6 experts on how Covid-19 will change shopping habits


 

“COVID-19 has accelerated a lot of the changes that were taking place in the retail sector,” says Australian Retailers Association CEO, Paul Zahra. We asked six experts for their opinions and predictions on how the global pandemic will affect shopping behaviour.

 

“Online shopping will become more popular”

 

“The gradual uptake of online shopping has been fast-forwarded dramatically,” says Retail Group CEO Roger Simpson of The Retail Solution, explaining that the closure of stores forced many consumers to shop online for the first time. 

 

The growth in online shopping will encourage the adoption of new technology, he says, from virtual showrooms, to augmented reality or sophisticated tools that help shoppers identify the correct-sized garment or best shade of beauty product. Simpson adds that it has never been more important for retailers to have an online presence.

 

“Shoppers will expect more flexibility and delivery options”

 

Even before the global pandemic, “click-and-collect” delivery options were common. However, in a post-lockdown world, Zahra expects that “enhanced delivery options” will become the norm. “Innovations such as retail-to-go – or kerbside pick-up – could become a permanent part of the offering for large and small retailers as they ease in-store congestion, save time and offer great customer convenience,” he says.  

 

Some Australian retailers, such as Myer, have opened “pop-up” click-and-collect booths, while Westfield has launched “Westfield Direct”, which allows shoppers to pick-up products from multiple retailers in one “drive-through” transaction.

 

“Shoppers may expect discounts” 

 

Deep discounting and constant markdowns were the unfortunate legacy of the Global Financial Crisis in 2007-2008, creating an expectation for regular sales among shoppers.

 

With a looming economic downturn and a predicted fall in discretionary spending, IBISWorld senior industry analyst James Caldwell says that discounting of products is likely in the short-term. 

 

“Strict hygiene standards and frictionless payment will become the norm”

 

In the coming months, customers will not only expect stores to conform to social-distancing standards, but they will also demand strict hygiene practices, says Laura Saunter, a senior retail editor at trend-forecasting agency WGSN. “Consumers will want to control how much they opt in or out of human interaction [while shopping],” she explains. “Retail strategies will need to allow for little to no human connection, while still providing excellent service.”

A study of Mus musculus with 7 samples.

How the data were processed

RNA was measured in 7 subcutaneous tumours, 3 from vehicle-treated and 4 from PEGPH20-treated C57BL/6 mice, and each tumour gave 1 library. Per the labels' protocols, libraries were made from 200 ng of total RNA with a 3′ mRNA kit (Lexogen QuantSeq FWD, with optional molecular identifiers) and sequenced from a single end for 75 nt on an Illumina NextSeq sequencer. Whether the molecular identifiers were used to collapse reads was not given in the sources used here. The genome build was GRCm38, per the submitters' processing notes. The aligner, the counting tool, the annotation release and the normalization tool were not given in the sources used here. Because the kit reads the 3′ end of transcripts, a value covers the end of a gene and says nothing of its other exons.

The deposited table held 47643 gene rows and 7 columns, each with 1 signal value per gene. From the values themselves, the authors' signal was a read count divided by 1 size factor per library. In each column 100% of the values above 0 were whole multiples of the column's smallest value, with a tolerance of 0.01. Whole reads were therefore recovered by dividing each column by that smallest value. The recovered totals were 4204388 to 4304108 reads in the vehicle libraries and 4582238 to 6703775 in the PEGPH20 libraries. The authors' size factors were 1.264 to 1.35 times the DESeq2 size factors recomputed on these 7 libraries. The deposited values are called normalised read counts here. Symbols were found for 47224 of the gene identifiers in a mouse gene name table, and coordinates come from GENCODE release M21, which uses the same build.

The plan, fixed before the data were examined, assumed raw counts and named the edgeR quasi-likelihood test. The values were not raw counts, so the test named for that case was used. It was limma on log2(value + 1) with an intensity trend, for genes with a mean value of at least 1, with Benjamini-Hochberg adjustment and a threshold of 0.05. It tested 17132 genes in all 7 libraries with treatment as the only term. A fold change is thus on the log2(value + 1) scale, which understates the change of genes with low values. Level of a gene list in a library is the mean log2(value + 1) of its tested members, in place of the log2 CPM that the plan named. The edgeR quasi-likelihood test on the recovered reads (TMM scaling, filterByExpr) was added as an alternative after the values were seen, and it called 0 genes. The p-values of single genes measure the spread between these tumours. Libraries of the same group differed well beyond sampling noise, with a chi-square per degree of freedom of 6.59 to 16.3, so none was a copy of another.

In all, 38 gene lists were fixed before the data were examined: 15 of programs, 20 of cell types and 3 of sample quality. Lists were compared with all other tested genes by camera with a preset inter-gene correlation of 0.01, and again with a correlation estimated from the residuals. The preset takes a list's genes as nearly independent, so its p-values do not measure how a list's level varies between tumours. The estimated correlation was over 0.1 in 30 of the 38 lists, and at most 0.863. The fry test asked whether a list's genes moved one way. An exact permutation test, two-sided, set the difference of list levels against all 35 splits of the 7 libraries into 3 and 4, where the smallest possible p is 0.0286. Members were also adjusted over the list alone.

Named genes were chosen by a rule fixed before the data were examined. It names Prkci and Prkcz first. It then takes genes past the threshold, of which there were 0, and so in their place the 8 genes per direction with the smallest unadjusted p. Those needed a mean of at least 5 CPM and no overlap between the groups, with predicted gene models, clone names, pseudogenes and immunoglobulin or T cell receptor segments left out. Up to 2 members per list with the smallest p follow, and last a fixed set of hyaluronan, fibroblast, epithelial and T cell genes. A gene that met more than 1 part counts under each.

Shoppers will expect frictionless, cash-free payment options. In addition, Saunter speculates that no-touch technology, such as voice-activated door handles and contactless tills – and even antibacterial innovations for carpets and fitting-room dividers – may become important to consumers. 

 

“More considered consumption”

 

Long before COVID-19, consumers were becoming mindful of sustainability and transparency. However, Matt Newell of The General Store speculates that the global pandemic could accelerate this trend. 

 

“On one level job losses and fears about the economy will make consumers think twice about discretionary spending and whether they really need new products,” says Newell. He adds that a heightened sense of connectivity and community could also create more mindfulness around consumption. “We might see shoppers shop for values, as well as shopping for value.” 

 

With a recent survey showing that 80 per cent of Australians are looking to support local businesses due to the pandemic, Newell says there is an opportunity for retailers to “tell their story” around local production or ethical processes. 

 

“Expectations Of Personalised service”

 

The closure of bricks-and-mortar stores during lockdown prompted many retailers to offer personalised services, such as appointment booking and video chat, says Proximity Insight CEO Cathy McCabe. 

 

With shops reopening, she predicts that consumers will continue to enjoy personalised services as "they will be cautious about going out and won’t want to be subjected to busy stores”.

 

Now more than ever, a personal, welcoming approach is needed, adds McCabe, who says that retailers have an opportunity to start preparing for re-opening “by opening up with limited staffing, but reaching out to customers to make them feel special. Appointment booking is key.”